Canine Infectious Tracheobronchitis (Kennel Cough)

Most people have heard the term Kennel Cough. This is the common name for a highly contagious respiratory infection seen in dogs. It is also often called Canine Infectious Tracheobronchitis as it involves inflammation of the trachea (the major airway) and the bronchi (the larger airways in the lungs). Sometimes it also involves inflammation of the larynx and nose.

As winter arrives our dogs may be spending more time indoors. If they are in close contact with other dogs for example at a kennel, a pet sitter’s home or a doggy day care or training centre they may be at risk of contracting kennel cough this winter. Other ways that dogs may get Kennel Cough include contact with contaminated surfaces like water bowls, food bowls and toys. Dogs socialising with other dogs on walks can also potentially contract Kennel Cough.

Signs of Kennel Cough

The typical signs of Kennel Cough include:

1. A dry hacking cough- this is the classical sign and often the only one present. The cough often gets worse when the dog exercises or is excited

2. Retching or gagging following coughing

3. Sneezing and a runny nose (clear discharge)

4. Some loss of appetite

5. A mild fever is possible

The cough is usually the worst for the first 5 days, but the disease can persist on average 10-20 days. In some dogs, especially puppies and those with weakened immune systems the disease may progress to also involve the lung tissue causing a pneumonia. Signs may then also include a moderate to severe fever, pus containing discharges from the nose, depression, loss of appetite and difficulties breathing.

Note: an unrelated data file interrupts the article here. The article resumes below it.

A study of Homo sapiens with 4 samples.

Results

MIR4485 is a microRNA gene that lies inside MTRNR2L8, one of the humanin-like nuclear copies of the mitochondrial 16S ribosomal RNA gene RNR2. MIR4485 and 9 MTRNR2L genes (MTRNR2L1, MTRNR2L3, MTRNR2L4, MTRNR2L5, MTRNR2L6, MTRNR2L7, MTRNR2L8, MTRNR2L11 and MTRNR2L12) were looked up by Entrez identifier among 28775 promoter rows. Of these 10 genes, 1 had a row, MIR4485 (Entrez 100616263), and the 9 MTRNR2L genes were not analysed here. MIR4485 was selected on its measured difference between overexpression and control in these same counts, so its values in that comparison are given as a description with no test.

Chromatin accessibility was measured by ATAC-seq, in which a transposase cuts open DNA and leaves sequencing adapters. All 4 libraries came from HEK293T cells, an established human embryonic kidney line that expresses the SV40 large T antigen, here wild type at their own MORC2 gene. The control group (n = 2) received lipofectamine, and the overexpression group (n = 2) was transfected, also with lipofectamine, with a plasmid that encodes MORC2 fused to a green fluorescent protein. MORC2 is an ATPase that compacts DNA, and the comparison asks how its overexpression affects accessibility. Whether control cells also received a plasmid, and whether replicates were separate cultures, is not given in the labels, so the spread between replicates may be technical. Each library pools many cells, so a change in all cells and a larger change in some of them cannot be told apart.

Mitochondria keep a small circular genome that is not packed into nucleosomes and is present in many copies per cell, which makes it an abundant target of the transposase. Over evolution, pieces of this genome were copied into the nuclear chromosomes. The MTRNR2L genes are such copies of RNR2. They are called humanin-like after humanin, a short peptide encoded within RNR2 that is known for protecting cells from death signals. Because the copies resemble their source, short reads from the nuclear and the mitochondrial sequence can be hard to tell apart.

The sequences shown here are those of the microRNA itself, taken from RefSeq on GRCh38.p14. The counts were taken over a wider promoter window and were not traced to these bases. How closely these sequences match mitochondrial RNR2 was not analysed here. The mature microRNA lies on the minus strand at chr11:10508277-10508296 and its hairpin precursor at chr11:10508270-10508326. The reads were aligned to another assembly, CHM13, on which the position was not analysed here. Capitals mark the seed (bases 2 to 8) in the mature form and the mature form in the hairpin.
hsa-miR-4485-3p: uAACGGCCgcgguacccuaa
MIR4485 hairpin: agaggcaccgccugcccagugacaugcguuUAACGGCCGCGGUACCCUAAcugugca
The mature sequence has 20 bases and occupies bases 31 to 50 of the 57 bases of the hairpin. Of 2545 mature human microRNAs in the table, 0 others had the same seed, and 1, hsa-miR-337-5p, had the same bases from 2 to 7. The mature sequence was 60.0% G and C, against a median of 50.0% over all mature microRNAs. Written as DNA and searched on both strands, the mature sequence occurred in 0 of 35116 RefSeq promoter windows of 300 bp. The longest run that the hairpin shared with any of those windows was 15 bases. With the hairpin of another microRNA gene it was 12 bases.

How to protect against Kennel Cough

Vaccines are available to help protect against Distemper, Parainfluenza, Canine Adenovirus-2, and Bordetella bronchiseptica, some of the main organisms responsible for Kennel Cough. These are all included in your dog’s yearly C5 vaccination. For puppies a course of vaccinations starting at 6-8 weeks of age help provide protection. These vaccination appointments also allow your veterinarian a great chance to perform a full health check on your dog to ensure their health and therefore immune system, is in the best shape possible.

How to treat Kennel Cough

Even with vaccination, much like the human flu we cannot prevent all cases of Kennel Cough. However, if you think your dog has contracted Kennel Cough do not be alarmed. Your veterinarian can usually presumptively diagnose Kennel Cough by a simple exam of your pet. Sometimes, chest radiographs may be advised to assess the severity of the disease or rule out other causes of coughing. Blood work may be indicated in patients who show more severe signs like loss of appetite, a fever or altered breathing. For dogs with coughs persisting longer than 3-4 weeks kennel cough alone is less likely and the underlying cause may need to be investigated.

If your dog has simple kennel cough, then supportive treatment only is usually required. The dog’s recovery may be hastened by good nutrition and hygiene as recommended by your veterinarian. Cough suppressants are sometimes prescribed to control persistent non-productive coughing. Antibiotics are sometimes required especially with signs of bacterial infection like pus in nasal discharges. Cortico-steroids may be prescribed to help alleviate signs. Aerosolization treatments (of saline or antibiotics) may also be helpful in some cases. In most cases hospitalisation is not required except with very unwell patients.

If you are concerned your dog may have contracted kennel cough, are uncertain as to the cause of their cough or wish to speak to us about vaccination please feel free to call us at the clinic on 83730301.

 

What is Canine Infectious Tracheobronchitis?

Tracheobronchitis is commonly known as Kennel cough or canine cough. It is a highly infectious respiratory infection seen in dogs.

What are the signs of kennel cough?

A dry, hacking cough, retching or gagging, sneezing, loss of appetite and a mild fever.

How long does Kennel cough last?

The cough is usually the worst for the first 5 days, but the disease can persist on average 10-20 days.

How do you treat kennel cough?

If your dog has simple kennel cough, then supportive treatment only is usually required. The dog’s recovery may be hastened by good nutrition and hygiene as recommended by your veterinarian.